Deployment of Irish troops to Chad approved

The Government yesterday approved the deployment of 400 Irish troops in the African country of Chad, but the Taoiseach told the…

The Government yesterday approved the deployment of 400 Irish troops in the African country of Chad, but the Taoiseach told the Dáil than the decision was subject to the force commander being satisfied that logistical problems would be solved.

However, the Minister for Defence Willie O'Dea said later he was confident that gaps in the transport resources for the mission would be dealt with.

Mr O'Dea will now seek Dáil approval for the EU military operation mandated by the UN. This will complete the triple lock mechanism of the UN, Government and Dáil approval before members of the Defence Forces are deployed overseas. Ireland will play a significant role in the mission to Chad as the second largest contributor and will also provide the overall operation commander, Lieut Gen Pat Nash.

"Our contribution represents the Defence Forces' most ambitious and challenging overseas deployment to date," Mr O'Dea said yesterday after the Cabinet had approved the mission. "Our role is threefold: to help establish a safe and secure environment for refugees, to facilitate the delivery of humanitarian aid to the refugees and to protect UN and humanitarian personnel."


"It will be our job to help and protect them and today the Government accepted my recommendation to deploy to the region."

He said on Monday Lieut Gen Nash had briefed EU ministers in Brussels on the mission's current state of preparedness, particularly on the emerging gaps in transport resources, especially the heavy airlift and helicopter assets.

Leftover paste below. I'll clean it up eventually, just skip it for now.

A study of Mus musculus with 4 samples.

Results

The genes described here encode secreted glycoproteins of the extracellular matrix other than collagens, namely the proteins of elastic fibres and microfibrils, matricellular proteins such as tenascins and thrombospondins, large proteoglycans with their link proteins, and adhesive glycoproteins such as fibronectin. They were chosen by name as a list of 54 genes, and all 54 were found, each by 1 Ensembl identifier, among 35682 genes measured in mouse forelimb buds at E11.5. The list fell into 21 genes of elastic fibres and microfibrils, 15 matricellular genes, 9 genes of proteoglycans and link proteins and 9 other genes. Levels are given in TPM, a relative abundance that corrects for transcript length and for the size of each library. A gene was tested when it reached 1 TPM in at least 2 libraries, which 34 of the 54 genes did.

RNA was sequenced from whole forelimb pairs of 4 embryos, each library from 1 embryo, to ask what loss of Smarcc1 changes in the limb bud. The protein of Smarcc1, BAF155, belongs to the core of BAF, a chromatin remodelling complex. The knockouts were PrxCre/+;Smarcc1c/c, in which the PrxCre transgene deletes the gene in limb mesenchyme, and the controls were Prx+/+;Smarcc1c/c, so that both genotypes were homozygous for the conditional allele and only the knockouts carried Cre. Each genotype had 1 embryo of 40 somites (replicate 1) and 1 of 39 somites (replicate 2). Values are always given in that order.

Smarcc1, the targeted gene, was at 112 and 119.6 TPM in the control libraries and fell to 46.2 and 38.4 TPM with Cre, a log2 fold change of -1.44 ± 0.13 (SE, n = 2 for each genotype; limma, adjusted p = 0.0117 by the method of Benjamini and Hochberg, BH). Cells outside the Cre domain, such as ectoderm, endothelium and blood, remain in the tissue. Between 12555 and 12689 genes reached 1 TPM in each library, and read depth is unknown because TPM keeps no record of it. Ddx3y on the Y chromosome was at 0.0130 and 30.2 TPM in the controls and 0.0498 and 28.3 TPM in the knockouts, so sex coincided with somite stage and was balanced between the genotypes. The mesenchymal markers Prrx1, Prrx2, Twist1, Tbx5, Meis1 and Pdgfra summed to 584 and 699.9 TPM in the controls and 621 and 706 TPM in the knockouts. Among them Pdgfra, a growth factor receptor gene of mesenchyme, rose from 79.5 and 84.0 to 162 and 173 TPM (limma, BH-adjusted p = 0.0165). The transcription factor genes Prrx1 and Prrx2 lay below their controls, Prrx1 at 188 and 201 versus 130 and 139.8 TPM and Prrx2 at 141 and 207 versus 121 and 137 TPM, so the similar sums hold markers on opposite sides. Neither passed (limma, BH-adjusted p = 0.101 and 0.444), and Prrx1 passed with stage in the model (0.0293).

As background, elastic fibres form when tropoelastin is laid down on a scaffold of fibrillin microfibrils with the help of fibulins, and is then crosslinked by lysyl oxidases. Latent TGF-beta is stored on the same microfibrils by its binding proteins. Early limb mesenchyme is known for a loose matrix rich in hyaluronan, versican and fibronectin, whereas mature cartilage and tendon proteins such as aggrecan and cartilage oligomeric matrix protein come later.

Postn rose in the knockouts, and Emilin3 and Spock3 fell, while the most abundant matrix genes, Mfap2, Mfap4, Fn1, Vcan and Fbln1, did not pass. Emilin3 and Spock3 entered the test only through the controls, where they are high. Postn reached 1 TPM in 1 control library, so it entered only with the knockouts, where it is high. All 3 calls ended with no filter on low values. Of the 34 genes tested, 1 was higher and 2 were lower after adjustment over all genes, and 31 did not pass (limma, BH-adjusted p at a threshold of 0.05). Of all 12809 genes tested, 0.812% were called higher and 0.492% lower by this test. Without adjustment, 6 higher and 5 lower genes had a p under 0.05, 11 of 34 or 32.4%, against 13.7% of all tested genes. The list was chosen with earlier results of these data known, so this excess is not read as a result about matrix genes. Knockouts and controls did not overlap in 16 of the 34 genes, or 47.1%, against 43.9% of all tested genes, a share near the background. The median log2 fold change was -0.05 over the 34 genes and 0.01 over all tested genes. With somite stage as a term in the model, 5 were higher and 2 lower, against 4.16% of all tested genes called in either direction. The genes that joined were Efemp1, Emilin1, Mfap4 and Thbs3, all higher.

"On foot of that briefing I urged my EU colleagues at the joint meeting of EU defence and foreign ministers to move quickly to address these shortfalls in the force structure. I am confident they will be addressed satisfactorily as gaps of this nature are not unusual during the planning phase of any overseas operation.

"A force generation conference is taking place today in Brussels to specifically address these key issues and I will then discuss the outcome of this meeting with military officials," Mr O'Dea said.

The EU intervention has been sanctioned by the UN because the multiple conflicts in the border areas between Darfur, Chad and the Central African Republic are deemed to constitute a threat to peace and security in the whole region.

Following an agreement between the government of Chad and the peaceful political opposition in August 2007, a peace deal was signed between the government and four rebel groups in October 2007. However, there continues to be problems with ongoing clashes between rebels and government forces.

There are now more than 180,000 internally displaced Chadians and 236,000 Sudanese refugees living in camps in eastern Chad. About 170,000 people have been forced to flee their homes since September 2005. In addition, more than 43,000 refugees from the Central African Republic reside in Chad and 20,000 people are thought to have fled to Cameroon. Malnutrition has reached alarming levels, particularly among children.

Chad is the size of France, Spain and most of Germany combined. The main area of operations in eastern Chad is about the size of France. It is landlocked and there are few if any roads or infrastructure over which to transport personnel or equipment.